The National Archives controversy, as well as questions about the release of the Blair Papers, touch on a murky and well-traveled ground where politicians insist they are releasing information while historians and reporters suspect forces at play delaying immediate disclosure.
Information as yet un-released from the the days of her husband's presidency stored at the Bill Clinton Library constitutes more than 99 percent of 78 million pages' worth and 20 million emails worth of documents, according to the National Archives.
In response to questions about papers not yet released by the Clinton Library, Sen. Clinton told Radio Iowa, "I think it's like people think we have boxes of records in our basement and why don't I just go and get them and hand them over. And you know my husband has never blocked a record ever. He has been the most forthcoming of all presidents."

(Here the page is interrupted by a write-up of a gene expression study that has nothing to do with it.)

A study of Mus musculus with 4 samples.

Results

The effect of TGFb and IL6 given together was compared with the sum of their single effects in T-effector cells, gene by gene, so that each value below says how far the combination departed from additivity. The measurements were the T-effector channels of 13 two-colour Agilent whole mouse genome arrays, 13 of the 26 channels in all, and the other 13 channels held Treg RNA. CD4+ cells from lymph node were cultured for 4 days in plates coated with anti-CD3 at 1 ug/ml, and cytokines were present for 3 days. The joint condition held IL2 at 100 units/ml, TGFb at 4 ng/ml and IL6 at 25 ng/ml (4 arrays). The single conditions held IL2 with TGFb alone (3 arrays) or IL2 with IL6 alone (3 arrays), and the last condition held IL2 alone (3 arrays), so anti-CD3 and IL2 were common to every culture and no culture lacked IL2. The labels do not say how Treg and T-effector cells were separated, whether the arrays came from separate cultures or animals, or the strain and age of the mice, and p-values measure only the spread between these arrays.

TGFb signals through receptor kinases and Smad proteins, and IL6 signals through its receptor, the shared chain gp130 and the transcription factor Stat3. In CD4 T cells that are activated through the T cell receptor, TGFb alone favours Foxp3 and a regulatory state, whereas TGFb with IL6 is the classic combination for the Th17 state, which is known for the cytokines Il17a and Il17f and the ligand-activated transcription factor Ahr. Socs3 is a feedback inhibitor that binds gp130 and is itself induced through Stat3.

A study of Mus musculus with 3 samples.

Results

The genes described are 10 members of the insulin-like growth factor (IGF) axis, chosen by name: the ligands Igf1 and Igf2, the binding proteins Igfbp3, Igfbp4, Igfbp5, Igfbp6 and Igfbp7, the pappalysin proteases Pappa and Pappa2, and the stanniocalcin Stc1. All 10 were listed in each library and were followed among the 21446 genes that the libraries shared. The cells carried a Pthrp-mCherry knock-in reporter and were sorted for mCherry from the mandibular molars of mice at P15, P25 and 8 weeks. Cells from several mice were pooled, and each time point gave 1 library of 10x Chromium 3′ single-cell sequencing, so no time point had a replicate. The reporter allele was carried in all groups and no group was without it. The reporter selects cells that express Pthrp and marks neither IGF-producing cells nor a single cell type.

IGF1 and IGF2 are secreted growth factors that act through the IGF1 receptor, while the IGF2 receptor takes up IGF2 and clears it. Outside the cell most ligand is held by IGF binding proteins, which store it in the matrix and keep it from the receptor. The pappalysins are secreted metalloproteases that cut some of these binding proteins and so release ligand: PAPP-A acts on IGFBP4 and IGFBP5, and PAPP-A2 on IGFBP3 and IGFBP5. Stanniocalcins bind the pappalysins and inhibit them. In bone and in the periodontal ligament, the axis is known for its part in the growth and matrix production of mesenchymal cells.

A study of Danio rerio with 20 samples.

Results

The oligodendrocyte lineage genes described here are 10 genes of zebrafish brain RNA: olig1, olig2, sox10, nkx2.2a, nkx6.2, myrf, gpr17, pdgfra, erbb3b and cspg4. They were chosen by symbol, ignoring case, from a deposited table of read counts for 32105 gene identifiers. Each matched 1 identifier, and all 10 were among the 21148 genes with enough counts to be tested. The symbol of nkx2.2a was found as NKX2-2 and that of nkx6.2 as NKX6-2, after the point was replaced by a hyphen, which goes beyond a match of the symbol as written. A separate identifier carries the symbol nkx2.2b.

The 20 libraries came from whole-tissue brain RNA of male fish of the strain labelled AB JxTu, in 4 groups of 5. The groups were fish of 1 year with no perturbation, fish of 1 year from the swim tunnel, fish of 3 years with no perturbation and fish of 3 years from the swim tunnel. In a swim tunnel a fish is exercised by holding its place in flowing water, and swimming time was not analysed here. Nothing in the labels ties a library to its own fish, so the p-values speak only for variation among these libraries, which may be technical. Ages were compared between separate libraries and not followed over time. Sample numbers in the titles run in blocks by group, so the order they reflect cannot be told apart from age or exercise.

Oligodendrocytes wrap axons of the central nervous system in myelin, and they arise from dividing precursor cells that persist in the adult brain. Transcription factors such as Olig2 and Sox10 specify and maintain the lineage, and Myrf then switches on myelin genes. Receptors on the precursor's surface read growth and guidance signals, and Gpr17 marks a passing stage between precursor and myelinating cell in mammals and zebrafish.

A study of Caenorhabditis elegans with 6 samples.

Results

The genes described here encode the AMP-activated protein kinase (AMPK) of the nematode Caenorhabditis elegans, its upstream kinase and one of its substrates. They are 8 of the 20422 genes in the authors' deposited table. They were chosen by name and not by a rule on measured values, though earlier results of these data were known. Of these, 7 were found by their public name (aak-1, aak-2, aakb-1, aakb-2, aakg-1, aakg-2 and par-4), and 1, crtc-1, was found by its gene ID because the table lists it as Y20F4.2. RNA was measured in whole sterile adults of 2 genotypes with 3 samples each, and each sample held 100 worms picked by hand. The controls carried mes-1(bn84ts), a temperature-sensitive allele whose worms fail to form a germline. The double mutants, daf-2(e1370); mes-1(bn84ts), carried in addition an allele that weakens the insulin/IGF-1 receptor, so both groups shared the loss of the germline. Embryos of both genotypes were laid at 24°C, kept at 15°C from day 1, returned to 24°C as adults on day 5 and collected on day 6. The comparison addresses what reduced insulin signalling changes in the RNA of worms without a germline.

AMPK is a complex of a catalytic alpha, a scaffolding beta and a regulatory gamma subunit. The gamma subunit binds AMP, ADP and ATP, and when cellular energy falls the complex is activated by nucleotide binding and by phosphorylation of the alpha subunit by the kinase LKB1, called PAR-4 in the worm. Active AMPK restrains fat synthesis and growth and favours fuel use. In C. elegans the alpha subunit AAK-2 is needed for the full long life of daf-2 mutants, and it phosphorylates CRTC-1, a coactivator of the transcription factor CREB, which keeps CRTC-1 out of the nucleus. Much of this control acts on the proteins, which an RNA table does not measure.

Bill Clinton's 2002 request and Sen. Clinton's confusing answer on the subject when asked about it at last week's debate, have fueled attacks from Clinton's Democratic and Republican opponents that the Former First Lady is, if not hiding something, not willing to completely disclose everything.
"We have just gone through one of the most secretive administrations in our history," said Sen. Barack Obama, D-Illinois, during the recent Democratic debate "And not releasing, I think, these records -- at the same time, Hillary, that you're making the claim that this is the basis for your experience -- I think, is a problem."